Malware on other mobile platforms is exceedingly rare, but on Android it is becoming common. The most interesting news from the report, which AVG bases on threats encountered by its anti-virus software on customers' computers, is the rise of "bootkits." Bootkits are analogous to rootkits on desktop computers. Android is based on a pared-down Linux kernel. A bootkit is a program that modifies and injects itself into that kernel. The malicious code therefore is always running on the phone; the user doesn't have to load an app. Like a rootkit it can do almost anything it wants, including intercepting information being sent from the operating system to apps and modifying it. It could, for example, change the numbers being displayed by your bank app.
Android bootkits aren't that sophisticated yet. AVG says that attacks still consist mostly of using premium SMS numbers to make money for the attackers. The numbers of such attacks are increasing, though, and are now increasingly based on more powerful techniques, such as the bootkit, which enable more sophisticated exploits.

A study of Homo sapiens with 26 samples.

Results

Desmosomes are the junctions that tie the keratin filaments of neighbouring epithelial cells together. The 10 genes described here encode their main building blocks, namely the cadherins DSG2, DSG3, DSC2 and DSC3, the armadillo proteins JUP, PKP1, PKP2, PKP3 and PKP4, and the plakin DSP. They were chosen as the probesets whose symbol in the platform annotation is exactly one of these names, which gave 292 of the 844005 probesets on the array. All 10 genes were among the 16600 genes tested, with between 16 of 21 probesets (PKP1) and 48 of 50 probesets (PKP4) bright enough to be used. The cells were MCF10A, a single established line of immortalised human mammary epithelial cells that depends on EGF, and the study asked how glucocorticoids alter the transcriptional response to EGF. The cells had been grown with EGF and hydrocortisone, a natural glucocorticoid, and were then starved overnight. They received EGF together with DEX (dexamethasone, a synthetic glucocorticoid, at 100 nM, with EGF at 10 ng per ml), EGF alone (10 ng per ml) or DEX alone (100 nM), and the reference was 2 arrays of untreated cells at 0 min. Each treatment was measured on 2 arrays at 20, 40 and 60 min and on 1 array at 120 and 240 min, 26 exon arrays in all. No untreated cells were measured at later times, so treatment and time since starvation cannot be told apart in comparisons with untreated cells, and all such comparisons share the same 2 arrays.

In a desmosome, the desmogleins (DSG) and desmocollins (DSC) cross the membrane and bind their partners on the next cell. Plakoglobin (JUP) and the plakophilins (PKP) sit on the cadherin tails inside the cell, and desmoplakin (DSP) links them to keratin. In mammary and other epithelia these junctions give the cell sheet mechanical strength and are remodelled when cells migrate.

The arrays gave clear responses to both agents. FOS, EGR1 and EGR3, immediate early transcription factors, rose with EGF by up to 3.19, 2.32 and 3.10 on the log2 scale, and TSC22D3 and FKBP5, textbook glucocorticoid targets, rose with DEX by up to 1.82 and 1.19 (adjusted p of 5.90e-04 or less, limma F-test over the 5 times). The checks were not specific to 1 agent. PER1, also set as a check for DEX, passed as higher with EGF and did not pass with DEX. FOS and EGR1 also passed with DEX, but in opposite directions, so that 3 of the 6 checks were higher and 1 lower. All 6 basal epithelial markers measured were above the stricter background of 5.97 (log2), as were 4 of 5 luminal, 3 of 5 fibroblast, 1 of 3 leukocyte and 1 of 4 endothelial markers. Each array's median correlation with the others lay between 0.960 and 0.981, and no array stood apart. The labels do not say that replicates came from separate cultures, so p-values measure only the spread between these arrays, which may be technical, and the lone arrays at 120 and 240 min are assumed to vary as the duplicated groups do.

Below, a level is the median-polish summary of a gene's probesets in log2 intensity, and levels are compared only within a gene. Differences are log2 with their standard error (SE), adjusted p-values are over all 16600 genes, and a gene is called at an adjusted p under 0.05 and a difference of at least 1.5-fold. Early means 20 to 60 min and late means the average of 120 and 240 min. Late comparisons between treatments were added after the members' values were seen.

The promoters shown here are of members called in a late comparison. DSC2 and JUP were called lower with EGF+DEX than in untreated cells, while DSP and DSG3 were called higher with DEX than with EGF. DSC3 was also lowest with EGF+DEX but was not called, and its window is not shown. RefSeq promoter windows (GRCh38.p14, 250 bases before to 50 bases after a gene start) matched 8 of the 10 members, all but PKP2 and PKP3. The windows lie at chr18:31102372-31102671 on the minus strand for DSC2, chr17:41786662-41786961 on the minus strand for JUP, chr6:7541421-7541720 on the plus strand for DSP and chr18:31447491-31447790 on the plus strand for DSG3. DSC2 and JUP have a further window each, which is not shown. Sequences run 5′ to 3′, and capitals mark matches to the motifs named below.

The other big but not surprising news is the continued geographical concentration of Android malware in China and other far-eastern countries. Third-party app stores are more popular in these countries and malware has made its way into these stores more easily than it has in the official Google Play store.
How Enterprises Are Attacking the IT Security EnterpriseTo learn more about what organizations are doing to tackle attacks and threats we surveyed a group of 300 IT and infosec professionals to find out what their biggest IT security challenges are and what they're doing to defend against today's threats. Download the report to see what they're saying.
Digital Transformation Myths & TruthsTransformation is on every IT organization's to-do list, but effectively transforming IT means a major shift in technology as well as business models and culture. In this IT Trend Report, we examine some of the misconceptions of digital transformation and look at steps you can take to succeed technically and culturally.